The Avy Rose shows the forecasted danger by elevation and aspect.
It adds more detail about where you are likely to find the dangers mentioned in the forecast. The inner circle shows upper elevations (mountain top), the second circle is middle elevations, and the outer circle represents lower elevations.
Think of the Rose as a birds-eye view of a mountain, looking down from above. The rose allows our forecasters to visually show you which parts of the mountain they are most concerned about.
Old wind slabs formed on 12/17 have settled, gained strength and become unreactive. Light snow began on 12/19 with 1-3 inches of accumulation while moderate north winds continued. This is forming thin windslabs on lee aspects which has caused the top few inches of snow to become upside down.
At this point this avalanche problem does not pose a significant hazard to backcountry travelers in most locations. Isolated areas may have received more snow with specific terrain features being loaded deeper. Poor terrain choices, such as skiing a steep lee slope above a terrain trap would be an instance where this avalanche problem could pose a significant hazard.
Anticipate the hazard for this avalanche problem to increase as more snow becomes available for transport and deeper slabs form. To evaluate the potential hazard of this problem, check the depth and sensitivity of fresh/forming windslabs.
Faceted snow near the base of the snowpack has been identified in all three forecast zones. In most locations above brush line, faceted snow is capped by pencil-knife hard wind affected snow. This has created a strong bridging affect making a person or machines weight unlikely to directly affect these layers.
Our area received 3-4 inches of snow water equivalent over a 5 day period beginning 12/11. This put significant stress on these weak layers. Natural avalanches did occur, but activity was not widespread and natural avalanches were mostly confined to the storm snow. This points to the strength of the wind hardened snow overlying the weak facets at the base of our snowpack.
It has been five days since the last significant snowfall event and stability tests that directly target these layers have not produced propagation since. One exception was an interior location just north of our continental forecast zone where propagation in stability tests still existed on 12/18.
Persistent weak layers are tricky to assess and are notorious for surprising people. As long as temperatures remain cold and our snowpack is thin, these weak layers will continue to lose strength. It is likely that facets will reactivate in the future when stress is being applied through dramatic changes in weather such as: significant snow accumulation, rapid warming and wind loading. Maintaining safe travel protocols such as skiing one at a time and avoiding traveling in or above terrain traps will increase your safety margin.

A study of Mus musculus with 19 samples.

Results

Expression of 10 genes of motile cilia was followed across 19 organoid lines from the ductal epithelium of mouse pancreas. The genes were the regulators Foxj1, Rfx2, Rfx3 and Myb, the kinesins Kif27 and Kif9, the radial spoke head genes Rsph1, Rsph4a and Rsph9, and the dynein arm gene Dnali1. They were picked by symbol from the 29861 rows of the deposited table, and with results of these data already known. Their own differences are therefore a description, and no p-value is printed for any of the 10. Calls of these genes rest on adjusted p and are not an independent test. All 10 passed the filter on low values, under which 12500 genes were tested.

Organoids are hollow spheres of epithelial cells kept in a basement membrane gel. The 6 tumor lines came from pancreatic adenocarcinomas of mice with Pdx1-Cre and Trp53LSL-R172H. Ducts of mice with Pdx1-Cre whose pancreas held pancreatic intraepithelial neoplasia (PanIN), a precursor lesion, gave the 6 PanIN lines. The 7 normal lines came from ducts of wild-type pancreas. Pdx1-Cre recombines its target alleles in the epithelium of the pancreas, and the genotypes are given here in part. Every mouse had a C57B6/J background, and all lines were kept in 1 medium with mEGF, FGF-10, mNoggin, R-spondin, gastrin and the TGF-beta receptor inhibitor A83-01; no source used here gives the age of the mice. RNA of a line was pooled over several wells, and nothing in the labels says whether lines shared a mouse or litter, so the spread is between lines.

The most likely areas to trigger a persistent slab avalanche would be in steep terrain that was protected from previous strong winds that have occurred this season. This could be below brushline or in areas of terrain that are typically spared from outflows. The Continental zone remains suspect as this area has a weaker snowpack and generally receives less wind, which would decrease the bridging affect mentioned above.
Below is a summary of observed Avalanche activity from the last 7 days. Avalanches that were noted earlier in the season can be viewed by clicking the link below.
If you trigger or observe a natural avalanche consider leaving a public observation.
Valdez Avalanche Activity
12/15- DOT avalanche control work produced several D2-2.5 avalanches from upper elevations of Hogsback and South Three Pigs. Step downs were noted with one slide suspected of failing at the ground.
Natural D2-2.5 avalanche activity was observed on Python Buttress north aspect, Berlin Wall northeast aspect, Averys southwest aspect and Girls mountain just above Worthington glacier southwest aspect picture below. There was also a significant amount of avalanche activity in Keystone canyon (Bridal Veil photo below) with at least 1 deep crown reported on the ice climb Gunnison. Most of the avalanches observed involved only storm snow with only a few step downs observed. Exceptions to this include DOT control work and the keystone canyon slide noted above.
Check out our updated weather tab! A collection of local weather stations are available for viewing with graphs and tabular data included.
NWS Watches and warnings
NWS Point forecast for Thompson Pass
Date Wednesday 12/21/22 Thursday 12/22/22
Time (LT) 18 00 06 12 18 00 06 12 18
Cloud Cover OV OV OV OV OV OV SC SC FW
Cloud Cover (%) 70 70 70 70 70 75 30 25 25
Temperature 1 -3 -5 -5 -2 -2 3 5 6
Min/Max Temp -8 -1 -7 6
Wind Dir NE NE NE NE NE NE NE NE N
Wind (mph) 12 11 8 11 12 9 11 13 16
Wind Gust (mph) 35 34 26 31 32
Precip Prob (%) 50 40 20 30 40 20 5 0 5
Precip Type S S S S S S
12 Hour QPF 0.10 0.04 0.03 0.00
12 Hour Snow 0.0 0.0 0.0 0.0
Snow Level (kft) 0.0 0.0 0.0 0.0 0.0 0.0 0.0 0.0 0.0
Click on link below for Thompson Pass weather history graph:
*HN24W- 24 hour Snow water equivalent in inches
*SWE– Snow water equivalent
**46 mile seasonal snowfall total begins December 1st.
Click on the link below for a running summary of this seasons weather history of our area.
Valdez Weather History
The avalanche hazard is moderate at all elevations. Light snowfall along with moderate north winds will be forming fresh wind slabs that could be triggered by a person up to 6 inches deep. The hazard will be increasing if more snow accumulates and outflow winds continue.
Posted by Gareth Brown 12/21 8:00am.
For a description of current avalanche problems, weather information, season history and more click the (+ full forecast) button. Avalanche forecasts will be issued Wednesday-Sunday.